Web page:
Funding for core Medicaid behavioral health care in King County will be slashed by $18 million next year, according to an analysis released this week by the state Department of Social and Human Services. Revised rates based on the 2017-2018 state operating budget reveal significant cuts to mental health and substance use disorder services. Impacts in King County could be widespread.
After the Legislature hurriedly approved a biennial budget after a third Special Session in June, King County warned that it appeared to underfund the rates that support frontline community behavioral health care in King County.
Now, the state’s own financial analysis confirms that the budget includes significant cuts to Medicaid mental health and substance use treatment funding, which will reduce vital services for low-income residents across King County.
Medicaid-eligible mental health and substance use disorder service rates are reduced by $18 million for King County in fiscal year 2018 alone. In its adopted budget, the state House of Representatives included more funding to narrow this gap. However, the final state budget reduced funding for core Medicaid services by eight percent compared to fiscal year 2017 funding. Many other counties across the state face similar reductions.
“The state budget takes us in the wrong direction. This may have not been the Legislature's intent, but the fact is that we will be forced to reduce mental health and substance use disorder treatment at a time when King County is fighting homelessness, a heroin epidemic, and an already critical need for mental health services,” said King County Executive Dow Constantine. “If the Legislature does not fix this next year, it will have a devastating impact on our residents and the health of our communities.”
The Medicaid rate cut undermines the entire behavioral health system. King County is doing all it can to mitigate the impact but there is no way the County can prevent these cuts from hurting people in need of care.
Essential community-based services in King County that are funded by Medicaid and could be impacted by this cut include:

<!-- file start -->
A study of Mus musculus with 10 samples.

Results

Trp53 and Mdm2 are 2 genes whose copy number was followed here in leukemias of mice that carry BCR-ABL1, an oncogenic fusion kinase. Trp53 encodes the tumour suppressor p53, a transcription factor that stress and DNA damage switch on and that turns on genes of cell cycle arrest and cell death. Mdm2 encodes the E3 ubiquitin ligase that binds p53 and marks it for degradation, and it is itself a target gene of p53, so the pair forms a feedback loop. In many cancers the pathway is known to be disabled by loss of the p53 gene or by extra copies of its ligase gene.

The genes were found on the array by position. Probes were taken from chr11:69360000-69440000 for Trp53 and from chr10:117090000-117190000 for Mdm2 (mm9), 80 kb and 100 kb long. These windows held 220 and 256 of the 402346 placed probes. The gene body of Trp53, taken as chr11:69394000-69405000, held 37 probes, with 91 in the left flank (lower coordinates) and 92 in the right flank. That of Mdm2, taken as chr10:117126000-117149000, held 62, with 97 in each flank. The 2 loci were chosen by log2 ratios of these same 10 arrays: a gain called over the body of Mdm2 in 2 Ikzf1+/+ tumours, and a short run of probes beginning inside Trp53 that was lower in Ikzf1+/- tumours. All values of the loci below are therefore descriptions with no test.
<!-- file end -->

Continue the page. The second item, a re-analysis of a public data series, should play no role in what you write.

• outpatient treatment for people who need care but lack resources;
• residential care that helps keep people with serious conditions out of hospitals; and
• medication-assisted treatment that helps people recover from opioid addiction.
King County and behavioral health providers will work with state legislators to find a solution to the funding cut as soon as possible in the next session.
The state budget takes us in the wrong direction. This may have not been the Legislature's intent, but the fact is that we will be forced to reduce mental health and substance use disorder treatment at a time when King County is fighting homelessness, a heroin epidemic, and an already critical need for mental health services. If the Legislature does not fix this next year, it will have a devastating impact on our residents and the health of our communities.
The key to quality services for people with complicated mental illness and substance use disorder symptoms is individualized attention by our psychiatrists, nurses, social workers, and other behavioral health staff. We have struggled to keep our caseload sizes low with current payment amounts. A decrease in payments reduces our time available to provide services to individuals in our care, hurting our effectiveness and outcomes.
My job is very demanding. We work with some of the most vulnerable clients in the county and make sure we meet all of their basic needs in order to stay healthy and housed. With the lack of funding and high turnover we end up stretched too thin to deliver the care our clients deserve. This is an emergency, and it will only get worse until we solve it the only way it can be solved: by paying the full value for the treatment people need to get better. If we keep avoiding this, we will only pay more for high turnover and worse outcomes in emergency rooms, jails, and loved ones lost.
My co-workers and I are fighting to take care of our vulnerable clients but it is increasingly hard to continue doing this work and provide this care when lack of funding means we can’t afford to live in the city, pay our student loans, or take care of ourselves and our families. The coworkers left behind see their caseloads go up. With salaries that start at $33,000 and caseloads of 60-70 clients we can’t get people housed, address the opioid epidemic, or care for people experiencing severe mental illness.